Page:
This song, first of all, is a blast! ? It has such a joyful sound. The playful lightness when brought together with the lyrics embrace a beautiful lesson about how to hold the longing we often feel for “The way things used to be.”
The lyrics are about a changing heart.? Leslie Feist seems to be trying to reconcile the teenage hopes of her youth that have come knocking again to the truth of the way her heart is today, changed. She dances back and forth between longing for the love and hope of youth, and the immaturity of “Those teenage hopes who have tears in their eyes, too scared to own up to one little lie”.
The lesson to me lies in the way that she is able to hold the many conflicting perspectives that are with her when she reflects on her past. It’s so easy to run away with stories of how great things were, wishing our lives were different, simpler like they used to be. Or looking back in embarrassment or even shame at the immaturity of our younger self.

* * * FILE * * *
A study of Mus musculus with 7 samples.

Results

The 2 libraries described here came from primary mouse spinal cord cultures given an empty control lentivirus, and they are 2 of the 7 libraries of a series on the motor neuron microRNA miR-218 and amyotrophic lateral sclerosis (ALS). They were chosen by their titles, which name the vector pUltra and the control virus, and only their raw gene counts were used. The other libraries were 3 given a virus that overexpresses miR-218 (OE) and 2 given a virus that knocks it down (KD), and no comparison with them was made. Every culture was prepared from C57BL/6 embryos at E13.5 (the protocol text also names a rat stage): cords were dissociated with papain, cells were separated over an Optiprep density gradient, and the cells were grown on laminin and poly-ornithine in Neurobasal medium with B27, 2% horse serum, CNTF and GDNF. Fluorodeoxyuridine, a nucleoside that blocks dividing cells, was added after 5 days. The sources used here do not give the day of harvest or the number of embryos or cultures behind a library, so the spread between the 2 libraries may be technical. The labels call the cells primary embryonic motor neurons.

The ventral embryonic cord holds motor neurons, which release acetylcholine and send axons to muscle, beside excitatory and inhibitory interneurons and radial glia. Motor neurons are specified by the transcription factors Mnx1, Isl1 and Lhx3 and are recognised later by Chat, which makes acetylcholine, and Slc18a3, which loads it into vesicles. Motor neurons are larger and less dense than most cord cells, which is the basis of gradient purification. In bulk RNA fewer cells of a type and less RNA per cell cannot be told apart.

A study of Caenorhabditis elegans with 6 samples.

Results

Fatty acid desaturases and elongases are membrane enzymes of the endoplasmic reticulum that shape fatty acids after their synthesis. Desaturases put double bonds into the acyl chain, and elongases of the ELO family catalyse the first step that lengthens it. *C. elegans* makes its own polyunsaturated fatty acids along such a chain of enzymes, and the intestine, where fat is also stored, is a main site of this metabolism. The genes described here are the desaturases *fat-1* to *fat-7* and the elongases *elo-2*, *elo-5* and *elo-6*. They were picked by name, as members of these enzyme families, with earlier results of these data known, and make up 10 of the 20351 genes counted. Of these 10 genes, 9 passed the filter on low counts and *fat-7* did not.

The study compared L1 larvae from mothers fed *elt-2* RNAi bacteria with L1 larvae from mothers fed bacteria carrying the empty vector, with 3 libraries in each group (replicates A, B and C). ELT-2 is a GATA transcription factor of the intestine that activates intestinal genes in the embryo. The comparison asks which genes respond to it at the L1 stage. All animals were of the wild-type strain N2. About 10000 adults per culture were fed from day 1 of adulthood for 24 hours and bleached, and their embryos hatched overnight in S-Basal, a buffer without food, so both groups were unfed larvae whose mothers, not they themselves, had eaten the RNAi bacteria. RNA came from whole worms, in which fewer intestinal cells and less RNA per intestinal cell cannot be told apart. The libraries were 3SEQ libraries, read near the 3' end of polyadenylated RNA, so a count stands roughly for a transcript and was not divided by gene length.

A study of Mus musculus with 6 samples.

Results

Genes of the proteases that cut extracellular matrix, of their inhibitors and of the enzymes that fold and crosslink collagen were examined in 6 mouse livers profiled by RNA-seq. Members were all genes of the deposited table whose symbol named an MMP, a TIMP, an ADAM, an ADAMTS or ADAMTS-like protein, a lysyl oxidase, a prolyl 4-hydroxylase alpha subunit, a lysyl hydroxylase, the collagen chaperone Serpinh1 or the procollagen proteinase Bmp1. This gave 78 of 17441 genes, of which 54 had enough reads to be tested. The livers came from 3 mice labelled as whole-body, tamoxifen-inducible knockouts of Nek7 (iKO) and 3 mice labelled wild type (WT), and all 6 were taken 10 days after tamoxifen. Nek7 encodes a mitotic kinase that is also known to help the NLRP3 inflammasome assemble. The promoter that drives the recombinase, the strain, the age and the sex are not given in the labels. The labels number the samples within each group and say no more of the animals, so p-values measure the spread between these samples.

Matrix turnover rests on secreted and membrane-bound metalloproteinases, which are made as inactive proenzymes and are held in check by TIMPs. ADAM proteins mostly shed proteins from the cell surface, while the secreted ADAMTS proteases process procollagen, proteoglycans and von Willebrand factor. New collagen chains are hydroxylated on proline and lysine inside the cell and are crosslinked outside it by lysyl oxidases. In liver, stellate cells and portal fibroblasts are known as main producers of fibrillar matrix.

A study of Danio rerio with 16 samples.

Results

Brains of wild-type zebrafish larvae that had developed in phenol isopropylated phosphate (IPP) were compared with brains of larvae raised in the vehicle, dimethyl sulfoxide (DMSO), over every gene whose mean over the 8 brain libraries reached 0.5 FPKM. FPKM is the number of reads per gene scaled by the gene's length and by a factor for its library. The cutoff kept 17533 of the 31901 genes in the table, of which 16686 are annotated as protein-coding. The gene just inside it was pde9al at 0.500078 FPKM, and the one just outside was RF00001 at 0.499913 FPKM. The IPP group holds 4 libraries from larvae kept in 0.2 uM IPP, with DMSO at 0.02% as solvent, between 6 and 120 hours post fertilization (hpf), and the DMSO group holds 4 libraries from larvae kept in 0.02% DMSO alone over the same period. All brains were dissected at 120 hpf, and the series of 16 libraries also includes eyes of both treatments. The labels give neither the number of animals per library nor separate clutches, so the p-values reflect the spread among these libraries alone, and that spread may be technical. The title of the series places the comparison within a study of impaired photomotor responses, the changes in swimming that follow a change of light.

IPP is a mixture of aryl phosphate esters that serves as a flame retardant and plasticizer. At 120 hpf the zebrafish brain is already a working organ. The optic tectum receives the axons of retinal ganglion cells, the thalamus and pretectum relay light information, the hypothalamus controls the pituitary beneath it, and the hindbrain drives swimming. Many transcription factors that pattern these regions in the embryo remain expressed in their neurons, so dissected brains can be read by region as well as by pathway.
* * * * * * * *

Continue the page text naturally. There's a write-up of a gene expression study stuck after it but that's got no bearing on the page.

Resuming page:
Ultimately we can’t change any of it, “Money can’t buy back the love that you had then”. She brings such lightness and acceptance to the many stories, accepting that change is unavoidable in life, and reminds herself of the truth of who she IS TODAY. “Oh oh oh, you’re changing your heart, oh oh oh, you know who you are.”
We can all learn from this incredibly simple approach of graciously saying “Yes I see you” to all of the stories, and gently reminding ourselves of the truth of who we are with the assurance “I know who I am.” And in the times when it doesn’t feel like we know who we are (often for me lately), I find immense peace in the practice of just asking the question, “Who am I?”. I can just let all the assumptions about who I am fall away to rest in that big question. There isn’t an easy answer to this question, perhaps it’s not even possible with language. But the simple recognition that I just don’t know, and being ok with the boundless nature of who I am rather than constantly trying to box myself into definitions, can allow space for the anxiety of reconciling the many faces of myself across time to dissipate.